By BROOKLYN COLLEGE JOURNALISM STUDENTS
With the backdrop of the Prospect Park Boathouse, Dr. Chok Tenzin Monlam walks purposefully around his outdoor class, guiding and repositioning students toward a more mindful meditation practice. Clad in a red, loose fitted t-shirt and black slacks, Monlam gently reminded students to stay present and keep your spine straight. At the end of the class, Monlam finished with brief breathing exercises.
Despite the roar of airplanes overhead, Monlam continuously coaxed and guided the class through the distraction – the essence of meditation.
About 25 students attended the open air session, which was one in a series called University Open Air – a collection of free classes taught by immigrant scholars from around the world.
“I used to teach in the forest, I teach my students in the open air. Because they really feel relaxed and surrounded by nature. And here, you hear the airplane, you hear the birds chirping, and here we have water,” said Monlam during the Sept. 8 “Tibetan Seven-point Vajra Posture and Benefits: Opening five chakras and energizing five pranas/energies within” class.
Many students joined the class to find a respite from their busy lives. Susan Hemly said she came to participate to release stress in a calming environment.
“Because I like that it’s a free program by the library… and I love the benefits for my mind and body. It is very peaceful and helps my stress release process. I knew I had to incorporate it into my life,” Hemly said.
The Brooklyn Public Library hosts the University Open Air series, which is now in its fifth year. Classes are free and open to the public.
In addition to the meditation course, University Open Air offers a variety of other courses, such as drawing, writing, Salsa music and cinematography. Workshops are taught by immigrant educators across a variety of disciplines.
“The intention is to provide a platform for scholars from other countries to teach, obviously, in the open air and public space and typically, they’re people who don’t teach in universities for a variety of different reasons,” said Vanessa Baish of the Brooklyn Public Library, who coordinated the event on site.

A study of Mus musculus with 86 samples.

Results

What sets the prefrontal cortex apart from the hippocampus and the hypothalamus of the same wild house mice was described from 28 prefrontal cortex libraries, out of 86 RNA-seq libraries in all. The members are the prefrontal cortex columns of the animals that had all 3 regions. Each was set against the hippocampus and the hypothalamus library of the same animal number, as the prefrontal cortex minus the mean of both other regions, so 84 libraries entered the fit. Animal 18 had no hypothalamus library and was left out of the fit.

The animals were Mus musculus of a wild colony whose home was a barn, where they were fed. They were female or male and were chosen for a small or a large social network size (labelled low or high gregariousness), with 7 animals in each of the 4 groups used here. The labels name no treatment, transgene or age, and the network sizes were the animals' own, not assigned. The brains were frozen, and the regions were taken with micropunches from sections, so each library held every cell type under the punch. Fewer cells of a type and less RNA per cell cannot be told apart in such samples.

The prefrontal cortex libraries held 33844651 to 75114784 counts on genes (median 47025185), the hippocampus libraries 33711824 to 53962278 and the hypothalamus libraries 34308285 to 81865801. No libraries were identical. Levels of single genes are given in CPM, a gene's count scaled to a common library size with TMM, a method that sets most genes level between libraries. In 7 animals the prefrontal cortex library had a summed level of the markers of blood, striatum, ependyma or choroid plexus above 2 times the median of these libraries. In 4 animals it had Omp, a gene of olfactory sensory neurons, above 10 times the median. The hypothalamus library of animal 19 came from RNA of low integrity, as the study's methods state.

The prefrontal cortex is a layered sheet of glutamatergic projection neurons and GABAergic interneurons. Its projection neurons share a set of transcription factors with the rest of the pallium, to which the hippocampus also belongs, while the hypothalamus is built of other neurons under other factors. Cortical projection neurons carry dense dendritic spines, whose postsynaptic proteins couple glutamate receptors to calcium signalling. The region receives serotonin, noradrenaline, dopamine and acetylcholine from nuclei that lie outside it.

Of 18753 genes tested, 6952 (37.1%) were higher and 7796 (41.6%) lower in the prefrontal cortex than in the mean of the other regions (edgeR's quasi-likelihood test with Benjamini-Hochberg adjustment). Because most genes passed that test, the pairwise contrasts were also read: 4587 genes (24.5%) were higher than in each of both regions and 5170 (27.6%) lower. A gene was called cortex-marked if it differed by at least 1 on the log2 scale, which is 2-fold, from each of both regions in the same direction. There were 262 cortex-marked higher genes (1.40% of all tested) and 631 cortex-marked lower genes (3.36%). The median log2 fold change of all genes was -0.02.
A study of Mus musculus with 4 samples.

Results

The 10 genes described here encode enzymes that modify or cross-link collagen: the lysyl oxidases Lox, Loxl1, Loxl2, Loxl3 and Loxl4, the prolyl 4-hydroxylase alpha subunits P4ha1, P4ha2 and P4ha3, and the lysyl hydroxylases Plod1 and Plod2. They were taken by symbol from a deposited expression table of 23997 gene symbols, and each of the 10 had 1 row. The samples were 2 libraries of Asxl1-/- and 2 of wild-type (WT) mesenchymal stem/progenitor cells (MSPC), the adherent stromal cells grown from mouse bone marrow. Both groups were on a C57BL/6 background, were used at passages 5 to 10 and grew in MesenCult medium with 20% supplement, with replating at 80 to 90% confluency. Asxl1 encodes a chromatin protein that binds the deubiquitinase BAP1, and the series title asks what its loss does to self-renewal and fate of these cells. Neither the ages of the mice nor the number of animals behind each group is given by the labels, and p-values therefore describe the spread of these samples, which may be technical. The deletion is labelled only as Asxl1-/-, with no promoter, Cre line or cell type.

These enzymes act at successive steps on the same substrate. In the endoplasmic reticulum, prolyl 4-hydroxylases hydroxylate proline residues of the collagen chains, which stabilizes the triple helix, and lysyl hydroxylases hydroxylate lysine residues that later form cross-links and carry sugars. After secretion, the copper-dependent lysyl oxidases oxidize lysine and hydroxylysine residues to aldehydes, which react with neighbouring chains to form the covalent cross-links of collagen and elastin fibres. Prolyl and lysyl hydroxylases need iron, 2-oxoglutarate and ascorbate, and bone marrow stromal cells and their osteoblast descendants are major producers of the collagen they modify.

“The hope is both that we offer something to the community and that we get to take advantage of this lovely park space, this is a collaboration with the park and that instructors have an opportunity to show their talents and find other work as a result in their field.”
Many participants in the Open Air Series visit the classes to learn, to enjoy the outdoors and to make new connections in the community.
Miguel Salandy, a Brooklyn resident originally from Trinidad and Tobago, said he was excited to experience new things.
“I expect to get some new knowledge, something that I didn’t have,” he said. “It’s always good in life everyday to try something new,” Salandy said.
Another popular class, “Drawing from Nature,” filled up on the afternoon of Sept. 8. The class is taught by Alon Andorn, originally from Israel, and focuses on seeking artistic inspiration from the surrounding natural habitat.
More than 20 people sat together under a tree with clipboards, paper and pencils, ready to be inspired.
“I usually have free time around this time and I like to spend time by trying new things and different activities and drawing in the park sounds very peaceful, so it’s nice to be here,” said Rose Williams, 56, of Prospect Heights.
Baish said she hopes that the Library’s open air courses can reach more residents in the community.
“There’s just so many kinds of classes, additional classes that we can teach. We were actually just talking about finding even more instructors and ways that this can translate to other kinds of classes,” Baish said. “Honestly, I just love seeing how much people enjoy it.”
The University Open Air courses continue through Sept. 18, with courses in Feng Shui, cinematography, renewable building materials, and more. For more information, visit the University Open Air website.
Iliana Calderon, Esther Chabbott, Argenis Collado, Alanis Guinada, William Hernandez, Niara Johnson, Jesus King, Berry Negron, Emin Purisic, Brittany Royal, Kelsey Santos, Tanesha Thorpe and Juwan Wyatt contributed to this report.